He’ll never admit it, of course. The pretext will be that time was scarce and he needed to reserve face-to-face meetings for more critical players in the “loose nukes” game, like the Kremlin crony who’s in charge in Ukraine. The only problem: Georgia’s announcement yesterday that they’d foiled a plot to sell weapons-grade uranium was arguably the most dramatic of the summit, and under other circumstances would have made for a natural photo op between The One and Saakashvili. Instead, he got a phone call last week. Jackson Diehl:
Saakashvili’s exclusion from the bilateral schedule is striking considering his strong support for U.S. interests, such as the wars in Iraq and Afghanistan. Georgia sent as many as 2,000 troops from its tiny army to Iraq. It will soon have nearly 1,000 in Afghanistan; 750 are being sent to fight under U.S. command. U.S. envoy Richard Holbrooke noted last month that Georgia’s per capita troop contribution would be the highest of any country in the world.
Obama thanked Saakashvili for that help in their phone call last week. But according to a Georgian account of the call, Obama didn’t say anything about Georgia’s aspiration to join NATO, or about Georgia’s interest in buying defensive weapons from the United States, in order to deter a repeat of the 2008 Russian invasion. “It’s a work in progress,” Saakashvili said of his defense talks with the administration during a meeting with Post editors and reporters Monday. “It’s a step-by-step approach. It takes time.”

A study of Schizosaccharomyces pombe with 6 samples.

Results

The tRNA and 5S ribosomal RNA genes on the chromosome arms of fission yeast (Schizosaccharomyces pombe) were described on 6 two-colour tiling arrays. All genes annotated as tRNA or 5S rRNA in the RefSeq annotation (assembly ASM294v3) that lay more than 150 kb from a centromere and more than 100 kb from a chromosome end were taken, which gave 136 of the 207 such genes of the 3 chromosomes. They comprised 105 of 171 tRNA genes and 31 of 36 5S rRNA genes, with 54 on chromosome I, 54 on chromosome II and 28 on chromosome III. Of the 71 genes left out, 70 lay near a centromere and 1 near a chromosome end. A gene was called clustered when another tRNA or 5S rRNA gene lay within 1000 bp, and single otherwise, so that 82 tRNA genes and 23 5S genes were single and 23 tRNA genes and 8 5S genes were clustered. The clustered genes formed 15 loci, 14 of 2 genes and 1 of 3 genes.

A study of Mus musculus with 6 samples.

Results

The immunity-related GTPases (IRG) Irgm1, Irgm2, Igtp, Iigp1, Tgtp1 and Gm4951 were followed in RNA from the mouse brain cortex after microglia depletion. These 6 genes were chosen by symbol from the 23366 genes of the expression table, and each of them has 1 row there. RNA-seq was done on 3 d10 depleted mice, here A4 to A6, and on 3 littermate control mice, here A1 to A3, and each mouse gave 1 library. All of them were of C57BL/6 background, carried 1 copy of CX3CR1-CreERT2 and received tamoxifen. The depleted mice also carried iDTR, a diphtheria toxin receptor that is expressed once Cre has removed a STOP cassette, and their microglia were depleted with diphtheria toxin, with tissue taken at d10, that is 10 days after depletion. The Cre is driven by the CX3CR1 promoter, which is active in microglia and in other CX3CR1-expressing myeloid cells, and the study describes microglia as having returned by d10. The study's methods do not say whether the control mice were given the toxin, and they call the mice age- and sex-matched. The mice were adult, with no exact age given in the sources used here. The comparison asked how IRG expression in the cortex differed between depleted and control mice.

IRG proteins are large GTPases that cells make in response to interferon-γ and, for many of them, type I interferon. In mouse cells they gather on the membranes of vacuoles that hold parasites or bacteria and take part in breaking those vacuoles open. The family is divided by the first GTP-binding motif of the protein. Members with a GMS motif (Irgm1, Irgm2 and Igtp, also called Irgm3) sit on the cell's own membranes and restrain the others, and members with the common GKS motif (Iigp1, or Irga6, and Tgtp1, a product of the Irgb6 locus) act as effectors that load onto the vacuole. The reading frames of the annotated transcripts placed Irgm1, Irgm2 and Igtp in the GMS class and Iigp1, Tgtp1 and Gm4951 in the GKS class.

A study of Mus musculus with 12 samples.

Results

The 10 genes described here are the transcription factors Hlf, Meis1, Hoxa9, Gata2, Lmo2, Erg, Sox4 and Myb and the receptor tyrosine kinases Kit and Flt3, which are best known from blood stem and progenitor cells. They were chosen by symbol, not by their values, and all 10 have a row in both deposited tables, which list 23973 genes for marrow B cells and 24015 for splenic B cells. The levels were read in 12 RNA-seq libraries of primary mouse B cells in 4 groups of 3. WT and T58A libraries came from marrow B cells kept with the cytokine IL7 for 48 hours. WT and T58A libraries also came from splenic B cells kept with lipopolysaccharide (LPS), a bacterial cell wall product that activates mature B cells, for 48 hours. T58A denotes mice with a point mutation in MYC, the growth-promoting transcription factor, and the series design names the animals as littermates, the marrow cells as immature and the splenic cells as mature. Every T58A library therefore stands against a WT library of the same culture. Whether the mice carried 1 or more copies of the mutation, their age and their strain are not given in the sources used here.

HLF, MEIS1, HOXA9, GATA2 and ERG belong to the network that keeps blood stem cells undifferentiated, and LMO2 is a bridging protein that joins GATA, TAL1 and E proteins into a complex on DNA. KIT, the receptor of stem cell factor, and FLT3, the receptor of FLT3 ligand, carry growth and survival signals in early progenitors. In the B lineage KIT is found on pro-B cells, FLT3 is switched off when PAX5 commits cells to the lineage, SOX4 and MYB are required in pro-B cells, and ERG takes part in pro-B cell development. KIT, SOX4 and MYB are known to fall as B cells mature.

Here’s Cavuto making Saakashvili squirm over the obvious snub; it’s a testament to how desperate Georgia is for U.S. support against Moscow that Saakashvili would attend the summit in person anyway instead of sending an envoy a la Netanyahu and Gordon Brown. Exit question: Didn’t we just make nice with Russia last week when we signed the START treaty? Surely that burst of goodwill could have endured a meeting with Georgia’s president, especially with Medvedev and Putin angling to push the U.S. out of its base in Kyrgyzstan.